Now there was a man full of leprosy in one of the towns where he was; and when he saw Jesus, he fell prostrate, pleaded with him, and said, “Lord, if you wish, you can make me clean.” Jesus stretched out his hand, touched him, and said, “I do will it. Be made clean.” And the leprosy left him immediately. Then he ordered him not to tell anyone, but “Go, show yourself to the priest and offer for your cleansing what Moses prescribed; that will be proof for them.” The report about him spread all the more, and great crowds assembled to listen to him and to be cured of their ailments, but he would withdraw to deserted places to pray. — Luke 5: 12-16
Jesus came to open the gates of heaven for everyone. But he did not come to “heal” everyone.
Had you or I heard about these healing miracles of Christ back in those days, I’m certain that we would have gathered every person we knew who was in need of some form of physical or emotional (even more poorly understood then) healing and then pursued him. With vigor. It is what you do for your loved ones. It is what you do for yourself.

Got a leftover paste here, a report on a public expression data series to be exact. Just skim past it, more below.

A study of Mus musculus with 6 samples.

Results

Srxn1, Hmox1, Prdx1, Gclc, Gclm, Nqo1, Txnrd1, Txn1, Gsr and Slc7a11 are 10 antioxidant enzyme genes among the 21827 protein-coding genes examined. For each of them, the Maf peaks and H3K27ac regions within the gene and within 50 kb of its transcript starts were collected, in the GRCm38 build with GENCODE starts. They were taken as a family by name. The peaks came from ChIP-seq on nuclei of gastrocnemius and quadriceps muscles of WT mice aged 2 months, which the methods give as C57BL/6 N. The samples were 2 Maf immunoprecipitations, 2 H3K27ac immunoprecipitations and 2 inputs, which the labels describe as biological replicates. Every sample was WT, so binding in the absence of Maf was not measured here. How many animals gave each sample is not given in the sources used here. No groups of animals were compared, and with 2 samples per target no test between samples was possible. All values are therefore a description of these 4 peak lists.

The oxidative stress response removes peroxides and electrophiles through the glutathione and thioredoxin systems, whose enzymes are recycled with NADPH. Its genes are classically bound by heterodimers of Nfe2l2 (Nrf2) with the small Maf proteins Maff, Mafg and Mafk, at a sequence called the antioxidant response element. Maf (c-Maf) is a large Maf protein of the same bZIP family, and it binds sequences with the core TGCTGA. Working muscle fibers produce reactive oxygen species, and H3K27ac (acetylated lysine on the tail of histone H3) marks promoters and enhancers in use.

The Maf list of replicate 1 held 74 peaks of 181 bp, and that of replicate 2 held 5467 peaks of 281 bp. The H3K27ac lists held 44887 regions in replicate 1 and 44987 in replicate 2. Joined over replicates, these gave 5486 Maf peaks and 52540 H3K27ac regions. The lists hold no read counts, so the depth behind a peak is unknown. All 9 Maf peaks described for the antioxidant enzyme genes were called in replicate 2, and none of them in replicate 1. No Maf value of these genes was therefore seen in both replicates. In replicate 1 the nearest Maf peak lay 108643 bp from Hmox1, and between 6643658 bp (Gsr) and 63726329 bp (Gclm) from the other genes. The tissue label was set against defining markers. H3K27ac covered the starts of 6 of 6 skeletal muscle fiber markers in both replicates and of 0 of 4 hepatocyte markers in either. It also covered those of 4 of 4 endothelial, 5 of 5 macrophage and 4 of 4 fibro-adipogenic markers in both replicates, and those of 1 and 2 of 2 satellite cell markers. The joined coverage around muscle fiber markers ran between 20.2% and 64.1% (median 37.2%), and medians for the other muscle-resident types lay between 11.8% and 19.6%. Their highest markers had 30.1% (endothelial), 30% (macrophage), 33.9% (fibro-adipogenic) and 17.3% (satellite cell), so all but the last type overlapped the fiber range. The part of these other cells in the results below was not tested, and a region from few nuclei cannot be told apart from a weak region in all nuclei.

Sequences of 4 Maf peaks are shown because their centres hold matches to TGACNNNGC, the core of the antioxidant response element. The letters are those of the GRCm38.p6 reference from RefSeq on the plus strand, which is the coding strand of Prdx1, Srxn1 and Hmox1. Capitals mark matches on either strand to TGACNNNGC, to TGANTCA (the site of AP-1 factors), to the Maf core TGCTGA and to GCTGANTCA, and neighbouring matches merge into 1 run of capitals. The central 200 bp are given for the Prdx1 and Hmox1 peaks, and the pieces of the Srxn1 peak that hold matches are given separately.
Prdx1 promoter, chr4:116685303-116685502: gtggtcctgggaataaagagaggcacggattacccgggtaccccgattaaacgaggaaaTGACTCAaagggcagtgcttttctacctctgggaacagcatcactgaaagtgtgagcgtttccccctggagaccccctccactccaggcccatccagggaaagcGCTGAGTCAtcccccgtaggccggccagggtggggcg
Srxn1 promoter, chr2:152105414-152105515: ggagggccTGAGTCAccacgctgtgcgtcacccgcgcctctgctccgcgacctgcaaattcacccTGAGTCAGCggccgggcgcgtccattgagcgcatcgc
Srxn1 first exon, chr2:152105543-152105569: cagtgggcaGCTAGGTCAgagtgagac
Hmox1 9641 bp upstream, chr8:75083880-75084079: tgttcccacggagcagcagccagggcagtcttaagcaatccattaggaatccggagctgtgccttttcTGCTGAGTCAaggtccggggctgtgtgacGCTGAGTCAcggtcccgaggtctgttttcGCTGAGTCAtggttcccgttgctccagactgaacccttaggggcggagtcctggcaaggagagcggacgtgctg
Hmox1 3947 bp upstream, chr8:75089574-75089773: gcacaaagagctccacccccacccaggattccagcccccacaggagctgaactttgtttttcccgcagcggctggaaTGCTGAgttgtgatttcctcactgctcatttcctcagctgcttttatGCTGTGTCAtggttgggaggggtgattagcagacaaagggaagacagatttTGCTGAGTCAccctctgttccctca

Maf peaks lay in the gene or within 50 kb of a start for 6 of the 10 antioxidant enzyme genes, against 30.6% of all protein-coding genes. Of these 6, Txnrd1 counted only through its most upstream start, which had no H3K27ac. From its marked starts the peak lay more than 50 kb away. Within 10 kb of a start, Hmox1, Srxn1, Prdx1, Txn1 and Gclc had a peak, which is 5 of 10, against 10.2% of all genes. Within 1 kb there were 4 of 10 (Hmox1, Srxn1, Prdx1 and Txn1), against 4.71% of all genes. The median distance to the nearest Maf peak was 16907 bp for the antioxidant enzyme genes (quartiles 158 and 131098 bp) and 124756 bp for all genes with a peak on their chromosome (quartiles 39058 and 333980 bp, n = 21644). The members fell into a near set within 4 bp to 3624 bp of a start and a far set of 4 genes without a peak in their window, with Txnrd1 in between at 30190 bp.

But Jesus did not provide such a physical healing for everyone he encountered. It’s clear from scripture that although he was pursued for this purpose, he often left to find a deserted place to pray, likely leaving many disappointed.
Today, we sometimes hear of a “theology of healing” or “miracle-based faith”. We need not surmise that we can ever state with certainty or muster through reason those instances where and when such miracles can happen. But I do think we offer a disservice when we suggest, directly or implicitly, that one must pray for a physical healing miracle because: “ask and you shall receive” — Matthew 7:7. These were Jesus’ instructions, but we should allow Jesus to know what is best for us and then surrender to his will. If we ask for healing (or a promotion at work or whatever sits upon our request list) and then subsequently base the ultimate power or even existence of God on whether that is or is not granted to us, then we are placing ourselves above him. We are saying we know best. But we often do not.
Miracles happen. Healing happens. Jesus did come to open the gates of heaven for everyone. And for us personally. But often what we require, truly require, in order to be able to walk through those gates one day may not be what we actually pray for in a moment of need.
If we are one of the ones who pursues Jesus for physical healing but does not receive it, it does not mean that he does not exist. We ought not base our faith or theology upon the shaky premise then that God must answer our prayers in order for us to follow him.
Christ intervenes. Christ is present. We do well to surrender to his will.